Lauren Brousell | Oct. 7, 2014
As today's companies pursue an all-digital business model, they face significant challenges. CIOs and a CMO discuss these challenges and offer advice for overcoming them.

The IT and marketing departments at Marquette Group worked together to roll out a tool called LeadStream, which lets clients target customer ads based on location. Once users post location-based ads, they can log into the tool and view the performance of each based on KPIs and corporate metrics.

Since the system is built on software as a service, David Lenzen, executive vice president of sales and marketing, says the company can easily deploy it over and over again with different clients. "This allows us to build critical mass at a location and say to a company, 'We're working with 500 of your locations, allow us to create a new market opportunity.'"

Technology Infrastructure and Tools
Culture change and employee productivity in the digital enterprise can't start without the proper technology infrastructure and tools in place. At TransUnion, Kapoor says pre-screens for new customers happen faster online. "You have to do it in real-time, when they are still there," he says. "Now, we're able to tie somebody from their cookie to their ZIP code. It's very different with the customer than it was two to three years ago."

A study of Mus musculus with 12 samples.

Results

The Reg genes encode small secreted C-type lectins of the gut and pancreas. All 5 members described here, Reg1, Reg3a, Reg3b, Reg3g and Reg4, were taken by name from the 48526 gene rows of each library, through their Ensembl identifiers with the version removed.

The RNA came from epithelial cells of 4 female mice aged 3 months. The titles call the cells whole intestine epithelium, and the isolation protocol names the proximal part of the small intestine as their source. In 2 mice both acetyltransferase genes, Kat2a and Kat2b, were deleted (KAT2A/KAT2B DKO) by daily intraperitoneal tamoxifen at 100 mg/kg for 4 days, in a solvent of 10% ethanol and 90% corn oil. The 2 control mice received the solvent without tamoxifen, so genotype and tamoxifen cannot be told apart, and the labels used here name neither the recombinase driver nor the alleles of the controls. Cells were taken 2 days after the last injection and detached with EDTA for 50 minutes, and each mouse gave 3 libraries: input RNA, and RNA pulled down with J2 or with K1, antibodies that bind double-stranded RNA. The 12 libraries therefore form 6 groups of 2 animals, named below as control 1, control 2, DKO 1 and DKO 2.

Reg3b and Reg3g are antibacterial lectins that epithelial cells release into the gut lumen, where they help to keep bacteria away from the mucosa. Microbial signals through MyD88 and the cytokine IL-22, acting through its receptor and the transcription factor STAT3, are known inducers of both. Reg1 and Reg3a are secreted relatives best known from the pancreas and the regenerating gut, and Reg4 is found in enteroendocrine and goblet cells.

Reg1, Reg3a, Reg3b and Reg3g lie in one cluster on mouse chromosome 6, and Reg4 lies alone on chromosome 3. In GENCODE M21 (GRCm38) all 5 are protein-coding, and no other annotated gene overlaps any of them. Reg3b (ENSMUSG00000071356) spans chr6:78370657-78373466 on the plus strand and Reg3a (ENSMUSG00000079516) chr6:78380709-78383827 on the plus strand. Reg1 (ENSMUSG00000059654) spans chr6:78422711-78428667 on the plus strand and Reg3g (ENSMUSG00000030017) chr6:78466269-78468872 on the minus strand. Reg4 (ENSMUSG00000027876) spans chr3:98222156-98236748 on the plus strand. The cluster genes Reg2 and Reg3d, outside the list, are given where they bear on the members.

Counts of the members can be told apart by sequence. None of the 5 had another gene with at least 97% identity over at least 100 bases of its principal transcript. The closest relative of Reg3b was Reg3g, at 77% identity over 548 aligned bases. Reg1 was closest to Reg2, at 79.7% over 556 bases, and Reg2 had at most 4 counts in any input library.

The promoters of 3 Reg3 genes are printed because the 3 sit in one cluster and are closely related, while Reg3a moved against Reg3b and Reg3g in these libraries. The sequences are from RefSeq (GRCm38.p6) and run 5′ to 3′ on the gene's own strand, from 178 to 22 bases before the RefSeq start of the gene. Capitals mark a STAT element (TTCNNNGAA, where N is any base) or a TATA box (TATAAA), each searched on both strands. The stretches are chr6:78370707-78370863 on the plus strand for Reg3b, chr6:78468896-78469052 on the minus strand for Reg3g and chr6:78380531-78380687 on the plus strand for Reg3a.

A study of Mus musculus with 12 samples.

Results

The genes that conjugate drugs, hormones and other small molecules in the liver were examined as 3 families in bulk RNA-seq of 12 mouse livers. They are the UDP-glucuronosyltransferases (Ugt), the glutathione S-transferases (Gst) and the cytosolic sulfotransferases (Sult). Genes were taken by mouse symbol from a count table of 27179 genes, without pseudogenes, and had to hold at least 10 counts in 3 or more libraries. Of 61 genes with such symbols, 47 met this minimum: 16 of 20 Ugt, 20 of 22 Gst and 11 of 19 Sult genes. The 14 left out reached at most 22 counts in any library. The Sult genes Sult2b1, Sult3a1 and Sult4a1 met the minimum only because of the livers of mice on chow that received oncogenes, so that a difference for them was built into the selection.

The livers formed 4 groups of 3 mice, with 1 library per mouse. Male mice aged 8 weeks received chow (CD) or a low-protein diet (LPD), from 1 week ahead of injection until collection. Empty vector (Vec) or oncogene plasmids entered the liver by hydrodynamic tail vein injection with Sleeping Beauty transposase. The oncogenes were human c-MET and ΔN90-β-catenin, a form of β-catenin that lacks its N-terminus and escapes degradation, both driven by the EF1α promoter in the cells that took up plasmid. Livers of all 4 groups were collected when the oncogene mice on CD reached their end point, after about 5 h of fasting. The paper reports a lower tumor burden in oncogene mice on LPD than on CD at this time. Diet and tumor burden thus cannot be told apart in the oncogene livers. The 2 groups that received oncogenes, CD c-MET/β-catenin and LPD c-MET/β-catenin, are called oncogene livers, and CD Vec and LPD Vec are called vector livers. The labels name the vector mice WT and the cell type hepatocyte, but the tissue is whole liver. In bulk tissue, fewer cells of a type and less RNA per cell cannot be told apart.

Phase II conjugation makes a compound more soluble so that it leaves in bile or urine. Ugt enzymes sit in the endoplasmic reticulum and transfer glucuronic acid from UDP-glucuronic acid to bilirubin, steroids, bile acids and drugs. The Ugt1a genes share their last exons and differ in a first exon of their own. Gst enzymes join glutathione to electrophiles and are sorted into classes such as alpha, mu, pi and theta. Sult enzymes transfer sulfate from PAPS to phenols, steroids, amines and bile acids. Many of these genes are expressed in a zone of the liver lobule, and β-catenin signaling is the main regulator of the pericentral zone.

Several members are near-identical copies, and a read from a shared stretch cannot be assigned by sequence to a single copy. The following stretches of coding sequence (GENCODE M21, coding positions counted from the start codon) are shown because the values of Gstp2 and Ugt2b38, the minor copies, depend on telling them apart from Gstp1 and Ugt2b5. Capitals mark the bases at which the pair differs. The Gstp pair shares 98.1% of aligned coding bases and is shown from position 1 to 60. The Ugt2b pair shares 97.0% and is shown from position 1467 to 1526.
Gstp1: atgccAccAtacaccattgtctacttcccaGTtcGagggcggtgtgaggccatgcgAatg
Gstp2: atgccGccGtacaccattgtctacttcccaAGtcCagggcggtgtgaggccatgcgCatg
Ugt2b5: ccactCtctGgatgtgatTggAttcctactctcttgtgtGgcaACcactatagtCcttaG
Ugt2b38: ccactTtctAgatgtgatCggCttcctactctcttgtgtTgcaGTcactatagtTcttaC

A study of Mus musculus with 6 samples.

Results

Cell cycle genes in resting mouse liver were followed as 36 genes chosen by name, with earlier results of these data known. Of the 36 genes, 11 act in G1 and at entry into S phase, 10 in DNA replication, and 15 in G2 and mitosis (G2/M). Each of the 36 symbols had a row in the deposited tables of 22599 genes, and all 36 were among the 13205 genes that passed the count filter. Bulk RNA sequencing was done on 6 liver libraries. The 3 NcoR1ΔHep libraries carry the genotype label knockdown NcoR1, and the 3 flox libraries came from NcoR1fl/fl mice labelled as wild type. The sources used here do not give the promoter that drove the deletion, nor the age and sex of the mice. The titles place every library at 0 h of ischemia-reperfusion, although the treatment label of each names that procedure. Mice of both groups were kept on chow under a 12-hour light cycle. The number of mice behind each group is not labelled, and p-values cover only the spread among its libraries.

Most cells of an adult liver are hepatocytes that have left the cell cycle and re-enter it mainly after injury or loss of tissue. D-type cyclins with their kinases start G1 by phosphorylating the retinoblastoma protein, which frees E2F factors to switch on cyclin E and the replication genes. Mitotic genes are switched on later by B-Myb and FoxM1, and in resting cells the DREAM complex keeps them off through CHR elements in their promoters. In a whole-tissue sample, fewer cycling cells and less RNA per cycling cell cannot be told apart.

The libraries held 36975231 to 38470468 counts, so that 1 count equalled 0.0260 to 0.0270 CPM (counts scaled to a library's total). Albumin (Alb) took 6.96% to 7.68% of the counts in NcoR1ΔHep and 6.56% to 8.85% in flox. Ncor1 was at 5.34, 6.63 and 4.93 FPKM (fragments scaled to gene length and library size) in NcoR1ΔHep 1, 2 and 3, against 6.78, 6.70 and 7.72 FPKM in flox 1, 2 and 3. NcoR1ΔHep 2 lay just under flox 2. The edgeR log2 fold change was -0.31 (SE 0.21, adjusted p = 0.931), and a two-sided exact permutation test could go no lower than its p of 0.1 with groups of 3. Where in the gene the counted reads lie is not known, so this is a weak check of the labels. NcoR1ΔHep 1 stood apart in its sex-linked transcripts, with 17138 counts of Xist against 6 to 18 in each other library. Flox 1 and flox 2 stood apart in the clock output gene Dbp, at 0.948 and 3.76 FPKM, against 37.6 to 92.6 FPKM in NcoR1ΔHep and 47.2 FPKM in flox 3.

Swislow says gets insights into buying behavior when customers are at a dealership shopping for a car. He says being able to see how many people search for a certain type of car on a given lot lets the site create customized offers for, say, someone looking at other dealers or cars.  

CIOs Overlapping, Partnering With Other Executives:
In many cases it's key for the CIO and CMO to partner on digital initiatives. Part of this, however, includes a shift and sometimes an overlap in the CIO role and other C-level roles. When Marquette Group COO and CIO Duane Anderson started his career, being an IT employee was clearly defined. "Now, folks we hire into marketing are just as tech savvy as IT," he says. As for his own dual role, Anderson explains, "I'm consolidated with operations because the business didn't want to hear from a few different people why it wasn't working."

Kapoor adds that C-level executives should be able to take on any executive role. "If you don't get technology, you can't be C-level anything," he says. "At the end of the day, you're trying to solve a business issue. Technology is enabled but if you don't join together, it's hard to survive."